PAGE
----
When Being Jewish Feels Unsafe

Two-thirds of American Jews say they feel less safe than they did a decade ago — and the threat of physical violence has never felt more real. Despite the shocking events of the past few years, Jews in America are still safer than in many other places in the world. With antisemitism still a palpable threat across the globe, calling it out must be a fundamental part of living a Jewish life. Utilize the accompanying educational resources to engage your students.

These videos were created in partnership with the Z3 Project, an initiative of the Oshman Family JCC.

  • Review
  • Discussion
  • Activities
  • Reflection
  • Further Learning
  1. What was the deadliest attack on Jewish people in American history?
    • Poway synagogue shooting
    • Tree of Life synagogue shooting in Pittsburgh
    • New Jersey store shooting
    • Monsey Chanukah massacre
  2. True or false, About 2/3s of American Jews feel less safe than they did a decade ago:
    • True
    • False
  3. According to the Anti-Defamation League, how many Americans hold antisemitic beliefs?
    • around 50%
    • around 10%
    • almost all
    • around 25%
  4. What percentage of European Jews believe antisemitism has gotten worse in the last decade?
    • 89%
    • 52%
    • 10%
    • 20%
  5. Many prominent BDS leaders don’t just protest the Israeli government but:
    • also support Zionism
    • think that Israel shouldn’t exist
    • believe in a two-state solution
    • all of the above
  1. Each video in this series makes the claim that it is the most important Jewish priority. Based on the video and your own thoughts, make a compelling case for why safety & security should be the most important priority within the Jewish world.
  2. Watch this interview of Bari Weiss speaking about antisemitism and then answer the following question: What do you think is the best way to fight back? Is it learning Jewish history and understanding antisemitism better? Is it focusing on Jewish pride and identity instead of the negatives of antisemitism? Is it something different entirely? Explain.
  3. Can you identify antisemitism? Use Natan Sharansky’s “3D test” to help your students recognize modern antisemitism. Note that Sharansky identifies anti-Zionism as antisemitism.
  4. Antisemitism stems both from the right and the left of the political spectrum. Read this article about antisemitism on the left and this article about antisemitism on the right and explain why each of them are uniquely dangerous.
  5. Do you think small Jewish communities who live in hostile countries to Jews should stay where they are and fight antisemitism or pack up and leave for countries that are friendlier towards Jews?
  6. Israel is often depicted within the Jewish world as a country with constant existential threats and little international support. At the same time, Israel is ranked as the 8th most powerful country in the world with the most powerful military in the region. How do you reconcile these two perspectives on the Jewish State? Do you see Israel as a vulnerable victim or as a regional superpower?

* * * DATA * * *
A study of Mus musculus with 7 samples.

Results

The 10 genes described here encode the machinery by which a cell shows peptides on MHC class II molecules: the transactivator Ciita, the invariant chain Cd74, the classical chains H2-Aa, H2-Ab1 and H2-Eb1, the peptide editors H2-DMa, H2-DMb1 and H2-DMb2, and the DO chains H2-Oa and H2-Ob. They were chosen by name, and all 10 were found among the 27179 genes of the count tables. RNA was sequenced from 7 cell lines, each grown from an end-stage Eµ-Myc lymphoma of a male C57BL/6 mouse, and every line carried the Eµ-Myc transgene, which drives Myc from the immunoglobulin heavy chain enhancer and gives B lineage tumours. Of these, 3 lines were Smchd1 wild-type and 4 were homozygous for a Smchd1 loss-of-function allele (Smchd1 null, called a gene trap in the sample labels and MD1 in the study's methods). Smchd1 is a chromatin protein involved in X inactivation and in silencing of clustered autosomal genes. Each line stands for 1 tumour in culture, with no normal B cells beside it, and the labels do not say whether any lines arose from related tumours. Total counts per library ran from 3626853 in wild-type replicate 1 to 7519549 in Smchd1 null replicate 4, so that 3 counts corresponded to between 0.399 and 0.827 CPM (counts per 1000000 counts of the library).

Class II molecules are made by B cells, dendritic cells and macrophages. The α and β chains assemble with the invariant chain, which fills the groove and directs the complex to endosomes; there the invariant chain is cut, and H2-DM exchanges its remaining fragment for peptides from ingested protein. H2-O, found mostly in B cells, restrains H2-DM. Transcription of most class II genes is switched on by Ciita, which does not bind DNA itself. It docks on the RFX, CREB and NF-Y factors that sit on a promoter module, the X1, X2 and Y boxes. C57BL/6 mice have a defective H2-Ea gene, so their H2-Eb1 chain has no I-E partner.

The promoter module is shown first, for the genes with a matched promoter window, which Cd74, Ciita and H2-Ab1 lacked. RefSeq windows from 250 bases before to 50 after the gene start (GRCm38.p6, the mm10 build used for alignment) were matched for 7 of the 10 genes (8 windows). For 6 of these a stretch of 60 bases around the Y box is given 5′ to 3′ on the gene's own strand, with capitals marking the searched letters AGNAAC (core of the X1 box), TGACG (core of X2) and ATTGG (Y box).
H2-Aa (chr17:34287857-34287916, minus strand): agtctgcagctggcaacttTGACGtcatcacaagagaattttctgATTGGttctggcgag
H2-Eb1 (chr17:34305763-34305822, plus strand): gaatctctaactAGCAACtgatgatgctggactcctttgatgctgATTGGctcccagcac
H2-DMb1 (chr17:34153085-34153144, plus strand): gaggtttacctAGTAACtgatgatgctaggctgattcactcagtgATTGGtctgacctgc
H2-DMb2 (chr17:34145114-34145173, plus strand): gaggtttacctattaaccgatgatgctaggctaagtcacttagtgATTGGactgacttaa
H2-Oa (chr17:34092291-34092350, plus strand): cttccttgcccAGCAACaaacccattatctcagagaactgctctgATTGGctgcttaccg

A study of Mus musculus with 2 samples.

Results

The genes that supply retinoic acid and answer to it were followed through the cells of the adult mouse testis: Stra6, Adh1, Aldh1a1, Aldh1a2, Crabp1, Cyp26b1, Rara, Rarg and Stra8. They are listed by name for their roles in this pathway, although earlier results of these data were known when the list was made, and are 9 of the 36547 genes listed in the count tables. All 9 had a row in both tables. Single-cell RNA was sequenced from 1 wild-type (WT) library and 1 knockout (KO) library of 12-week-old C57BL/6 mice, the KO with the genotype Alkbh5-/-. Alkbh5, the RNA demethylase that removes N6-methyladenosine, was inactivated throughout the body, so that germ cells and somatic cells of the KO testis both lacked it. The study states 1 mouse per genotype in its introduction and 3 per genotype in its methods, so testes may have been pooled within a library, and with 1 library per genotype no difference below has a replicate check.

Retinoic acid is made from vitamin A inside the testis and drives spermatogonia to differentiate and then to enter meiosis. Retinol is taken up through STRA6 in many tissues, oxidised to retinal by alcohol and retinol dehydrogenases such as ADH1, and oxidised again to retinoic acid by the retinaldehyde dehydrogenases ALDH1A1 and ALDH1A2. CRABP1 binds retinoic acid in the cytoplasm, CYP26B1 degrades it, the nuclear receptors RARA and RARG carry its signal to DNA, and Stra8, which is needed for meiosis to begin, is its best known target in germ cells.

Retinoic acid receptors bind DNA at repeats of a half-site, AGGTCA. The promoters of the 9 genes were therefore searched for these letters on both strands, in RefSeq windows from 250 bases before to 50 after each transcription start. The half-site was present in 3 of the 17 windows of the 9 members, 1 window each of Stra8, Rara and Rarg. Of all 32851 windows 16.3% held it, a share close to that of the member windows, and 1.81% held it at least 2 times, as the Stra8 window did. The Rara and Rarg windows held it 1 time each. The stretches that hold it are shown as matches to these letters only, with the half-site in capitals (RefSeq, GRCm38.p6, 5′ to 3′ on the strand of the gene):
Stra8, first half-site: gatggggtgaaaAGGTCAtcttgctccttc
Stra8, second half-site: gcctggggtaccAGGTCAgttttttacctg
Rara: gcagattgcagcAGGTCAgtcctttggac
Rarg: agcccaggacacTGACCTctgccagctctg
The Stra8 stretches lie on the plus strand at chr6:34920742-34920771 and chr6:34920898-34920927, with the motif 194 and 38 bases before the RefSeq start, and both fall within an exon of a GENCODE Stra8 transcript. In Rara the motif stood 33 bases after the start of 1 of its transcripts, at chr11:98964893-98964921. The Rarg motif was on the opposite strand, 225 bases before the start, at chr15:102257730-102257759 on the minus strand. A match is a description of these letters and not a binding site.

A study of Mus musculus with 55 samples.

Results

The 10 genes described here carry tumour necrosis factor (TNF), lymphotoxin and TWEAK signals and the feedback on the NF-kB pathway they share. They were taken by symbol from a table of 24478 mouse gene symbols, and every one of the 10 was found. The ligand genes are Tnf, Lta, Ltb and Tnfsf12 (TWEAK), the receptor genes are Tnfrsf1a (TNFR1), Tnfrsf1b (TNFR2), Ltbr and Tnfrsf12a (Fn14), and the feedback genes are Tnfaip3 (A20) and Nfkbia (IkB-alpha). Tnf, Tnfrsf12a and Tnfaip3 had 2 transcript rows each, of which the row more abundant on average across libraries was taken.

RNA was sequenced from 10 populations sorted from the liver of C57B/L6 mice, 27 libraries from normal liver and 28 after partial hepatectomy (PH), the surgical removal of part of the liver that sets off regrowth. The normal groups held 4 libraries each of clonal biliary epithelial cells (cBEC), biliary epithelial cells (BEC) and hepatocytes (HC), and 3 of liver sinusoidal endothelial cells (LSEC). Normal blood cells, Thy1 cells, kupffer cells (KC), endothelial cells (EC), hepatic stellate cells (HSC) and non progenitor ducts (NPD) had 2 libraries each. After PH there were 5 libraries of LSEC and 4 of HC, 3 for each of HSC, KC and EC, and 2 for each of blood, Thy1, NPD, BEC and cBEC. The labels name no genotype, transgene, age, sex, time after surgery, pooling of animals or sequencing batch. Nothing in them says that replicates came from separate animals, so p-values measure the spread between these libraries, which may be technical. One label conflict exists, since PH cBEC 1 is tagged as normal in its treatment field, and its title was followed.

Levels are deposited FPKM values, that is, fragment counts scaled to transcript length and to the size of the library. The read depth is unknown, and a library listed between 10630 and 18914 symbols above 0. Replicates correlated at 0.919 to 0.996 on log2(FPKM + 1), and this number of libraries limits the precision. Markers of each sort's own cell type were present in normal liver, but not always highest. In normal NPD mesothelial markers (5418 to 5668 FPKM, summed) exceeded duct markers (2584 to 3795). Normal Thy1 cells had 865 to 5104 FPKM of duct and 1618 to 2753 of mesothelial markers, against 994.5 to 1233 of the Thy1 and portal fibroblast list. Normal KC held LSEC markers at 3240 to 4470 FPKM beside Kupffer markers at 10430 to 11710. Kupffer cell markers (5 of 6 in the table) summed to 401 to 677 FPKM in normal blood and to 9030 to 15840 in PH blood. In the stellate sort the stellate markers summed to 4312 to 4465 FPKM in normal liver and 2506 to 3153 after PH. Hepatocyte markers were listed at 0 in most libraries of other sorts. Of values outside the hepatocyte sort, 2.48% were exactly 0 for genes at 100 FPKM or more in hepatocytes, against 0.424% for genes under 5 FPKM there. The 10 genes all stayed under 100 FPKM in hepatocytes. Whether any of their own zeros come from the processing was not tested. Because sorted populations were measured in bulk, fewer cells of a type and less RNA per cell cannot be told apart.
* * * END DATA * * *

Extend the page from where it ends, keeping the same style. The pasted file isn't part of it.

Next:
1. Watch this video about the origins of antisemitic conspiracies and utilize the accompanying educational resources.
  2. Watch Rabbi Jonathan Sacks’s video about antisemitism and answer the following questions:
    • How do you define antisemitism?
    • Why do you think antisemitism has returned?
    • Why should non-Jews care about antisemitism?
  3. Ask your students to interview an older relative (parent, grandparent, aunt or uncle etc) about any antisemitism they have experienced in their lifetime. Find out if they feel more or less safe today compared to when they were growing up. Ask your students to report their findings with the rest of the group.
  4. Give your students our Kahoot on safety & security!
  1. Have you ever experienced antisemitism in your own life? Please share your experience and how it impacted you.
  2. Would you feel comfortable wearing a visibly Jewish item in public (a kippa, a star of David necklace etc)? Why or why not? If you already do wear a visible Jewish item in public, how does it make you feel to wear it? Are you especially conscious of it?
  3. Where in the world do you feel safest as a Jew? Is it a certain country? City? Community institution? Explain.
  4. Take a few minutes and read through the Anti-Defamation League’s Tracker of Antisemitic Incidents. After reading through the tracker, how do you feel? Are you surprised or did it confirm what you already know?
  5. Do you think antisemitism is a solvable program or should it just be managed? What would be the consequences of both of these outcomes?